How reliable is your YouTube Ad revenue?
The age of the #Adpocalypse is here – and, for YouTube creators, it might just be the end of the world as we know it. Fortunately, there are plenty of other worlds to conquer….
In case you missed it, there’s been a teensy bit of controversy on Planet YouTube in recent months.
It started with the revelation that some brands’ campaigns were being placed on videos that contained some deeply offensive material – hate speech, terrorist sympathising content and anti-Semitism. Yep…*that* sort of stuff.
Brands, understandably, were quick to pull their ad dollars from YouTube. We’re talking major companies like AT&T, General Motors, Walmart and Verizon all immediately stopping their campaigns in their tracks, costing YouTube an estimated $750m plus in advertising revenue for 2017. Sure, it may be a drop in the ocean for a huge company like Google, but still….ouch!
And here’s the problem: with less ad dollars to go around, YouTube creators saw their AdSense revenues plummet. Some, such as Ethan and Hila Klein, the brains behind h3h3productions, have claimed to be making as little as 15% of what they made before the boycott, and they’re not on their own. Far from it.
And that’s not the end of the current gripes for YouTubers. The platform’s ‘hit-and-miss’ machine learning algorithm has drawn the ire of creators, who claim that their videos are often being demonetised without justification or proper communication.
On a broader level, there’s a growing feeling that YouTube is increasingly starting to look past individual creators, with preferential treatment for media giants and big businesses.
This is a criticism levelled at other leading social channels, too – Facebook algorithm changes, for example, have meant that creators now need to pay for boosting their own posts to ensure that their own fans see them.
It seems to be getting harder and harder for individual creators to grow and monetize their channels.
YouTube giveth, YouTube taketh away
So what’s the takeaway from all of this? Well, put simply, it’s a perfect demonstration of how circumstances totally beyond your control can do profound damage to your revenue, your work and your livelihood.
Going forward, of course it’s still going to be possible to monetise your content on platforms like YouTube. At least to some extent.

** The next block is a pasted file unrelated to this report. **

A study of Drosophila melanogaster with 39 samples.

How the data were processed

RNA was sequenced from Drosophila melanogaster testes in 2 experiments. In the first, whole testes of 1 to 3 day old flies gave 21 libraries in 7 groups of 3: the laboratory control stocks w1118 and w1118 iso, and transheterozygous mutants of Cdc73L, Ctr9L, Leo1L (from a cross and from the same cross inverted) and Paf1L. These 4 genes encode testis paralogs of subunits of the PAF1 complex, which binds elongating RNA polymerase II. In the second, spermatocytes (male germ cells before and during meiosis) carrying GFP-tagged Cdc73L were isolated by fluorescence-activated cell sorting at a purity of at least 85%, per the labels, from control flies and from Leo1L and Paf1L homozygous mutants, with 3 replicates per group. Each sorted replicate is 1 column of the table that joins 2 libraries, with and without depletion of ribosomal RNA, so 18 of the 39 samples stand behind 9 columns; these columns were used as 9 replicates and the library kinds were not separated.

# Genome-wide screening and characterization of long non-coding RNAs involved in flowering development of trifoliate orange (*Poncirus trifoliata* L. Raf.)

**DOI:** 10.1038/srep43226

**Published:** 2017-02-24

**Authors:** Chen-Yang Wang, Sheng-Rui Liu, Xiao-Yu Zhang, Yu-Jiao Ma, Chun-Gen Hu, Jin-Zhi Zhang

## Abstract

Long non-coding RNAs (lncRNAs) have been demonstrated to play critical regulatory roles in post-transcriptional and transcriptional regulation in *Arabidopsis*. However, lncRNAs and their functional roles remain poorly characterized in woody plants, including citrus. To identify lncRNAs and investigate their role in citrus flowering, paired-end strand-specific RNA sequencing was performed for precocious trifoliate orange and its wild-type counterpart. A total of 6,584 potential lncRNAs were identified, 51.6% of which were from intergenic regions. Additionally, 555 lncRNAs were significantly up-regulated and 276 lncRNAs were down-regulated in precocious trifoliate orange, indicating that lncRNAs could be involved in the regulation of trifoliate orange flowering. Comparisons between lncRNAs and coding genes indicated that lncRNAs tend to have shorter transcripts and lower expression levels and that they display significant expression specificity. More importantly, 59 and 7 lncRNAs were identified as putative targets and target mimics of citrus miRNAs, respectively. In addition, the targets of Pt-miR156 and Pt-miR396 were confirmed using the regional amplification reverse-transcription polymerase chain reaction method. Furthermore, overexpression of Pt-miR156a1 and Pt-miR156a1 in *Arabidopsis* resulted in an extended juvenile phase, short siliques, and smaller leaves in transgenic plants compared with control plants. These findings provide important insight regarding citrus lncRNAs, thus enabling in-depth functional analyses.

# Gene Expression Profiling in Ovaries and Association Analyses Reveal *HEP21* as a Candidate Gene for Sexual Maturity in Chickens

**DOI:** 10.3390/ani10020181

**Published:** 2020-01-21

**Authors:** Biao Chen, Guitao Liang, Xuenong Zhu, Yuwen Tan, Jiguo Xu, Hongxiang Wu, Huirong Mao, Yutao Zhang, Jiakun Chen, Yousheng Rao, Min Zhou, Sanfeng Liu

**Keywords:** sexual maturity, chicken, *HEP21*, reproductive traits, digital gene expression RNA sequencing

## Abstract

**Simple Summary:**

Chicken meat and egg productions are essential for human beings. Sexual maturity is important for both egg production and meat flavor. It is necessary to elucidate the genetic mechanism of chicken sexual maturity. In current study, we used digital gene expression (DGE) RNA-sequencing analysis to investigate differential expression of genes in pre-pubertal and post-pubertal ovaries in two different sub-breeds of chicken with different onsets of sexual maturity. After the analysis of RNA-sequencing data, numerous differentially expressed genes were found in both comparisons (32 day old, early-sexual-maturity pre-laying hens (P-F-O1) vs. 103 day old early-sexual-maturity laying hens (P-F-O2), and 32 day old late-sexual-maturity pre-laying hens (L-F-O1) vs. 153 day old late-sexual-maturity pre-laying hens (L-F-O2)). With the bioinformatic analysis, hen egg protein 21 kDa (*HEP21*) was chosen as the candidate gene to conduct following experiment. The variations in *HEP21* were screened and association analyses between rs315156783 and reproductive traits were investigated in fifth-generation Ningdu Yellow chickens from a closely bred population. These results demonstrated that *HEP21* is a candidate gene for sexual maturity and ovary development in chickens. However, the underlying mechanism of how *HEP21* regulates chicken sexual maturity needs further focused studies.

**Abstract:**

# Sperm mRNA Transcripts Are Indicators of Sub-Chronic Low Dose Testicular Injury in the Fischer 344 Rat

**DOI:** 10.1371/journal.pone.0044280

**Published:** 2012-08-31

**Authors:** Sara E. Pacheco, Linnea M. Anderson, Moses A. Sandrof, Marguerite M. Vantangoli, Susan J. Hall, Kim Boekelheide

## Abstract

But when your content is likely to be crowded out by the big boys, and ad dollars can be pulled at any time for reasons absolutely beyond your control – is that really ENOUGH? Without any control over your earnings, choosing YouTube as your exclusive online home is like selecting a rickety old shack, built on wobbly, sandy foundations. Eventually, it’s all going to come crashing down.
And this all underlines how crucially, vitally important it is for you, as a creator, to diversify your revenue streams – in other words, to establish and nurture multiple sources of monetisation, to safeguard against this kind of unforeseen and uncontrollable nastiness.
And luckily, there are more different strategies at your disposal than ever before.
We’re increasingly seeing creators operate a presence on different channels like Twitch. Patreon, too, is gathering tremendous momentum, and is an incredibly popular home for creators content and community. It also provides a business model whereby the creator controls the monetisation aspect of their business, with the net result being much more simple and predictable monthly revenue.
Influencer merchandising is another area experiencing rapid growth, and is probably the number 1 tactic you need to be exploring further.
Creators are able to promote their own, branded products to their communities – with print-on-demand/drop-shipping services meaning that the creators themselves only need concern themselves with design and marketing. Order fulfilment and logistics are taken care of by a trusted third party like Kite – and, crucially, there’s no upfront cost to you, the creator, because you only pay after your customers have made a purchase. Many of the old headaches associated with setting up and operating a merchandising operation simply no longer apply.
Pushing your own products comes with a sense of authenticity that isn’t always easy to achieve when pushing other peoples’ products, and, of course, you already have a golden advantage in the world of e-commerce: a loyal, committed audience.
YouTube has always been a tremendous vehicle for creators to publish monetised content –but it’s hard to shake the feeling that the vehicle is losing momentum.
Who knows, creator ad revenues might well bounce back and even exceed what they were in the past. But the simple fact is that, whenever you share your content on a platform you don’t control, you’re at the mercy of circumstances. The rug can always be pulled from underneath you, and that can have a catastrophic effect on your earnings.
There’s never been a better time for influencers to look into establishing new, robust revenue streams – and merchandising is definitely one you should be looking at.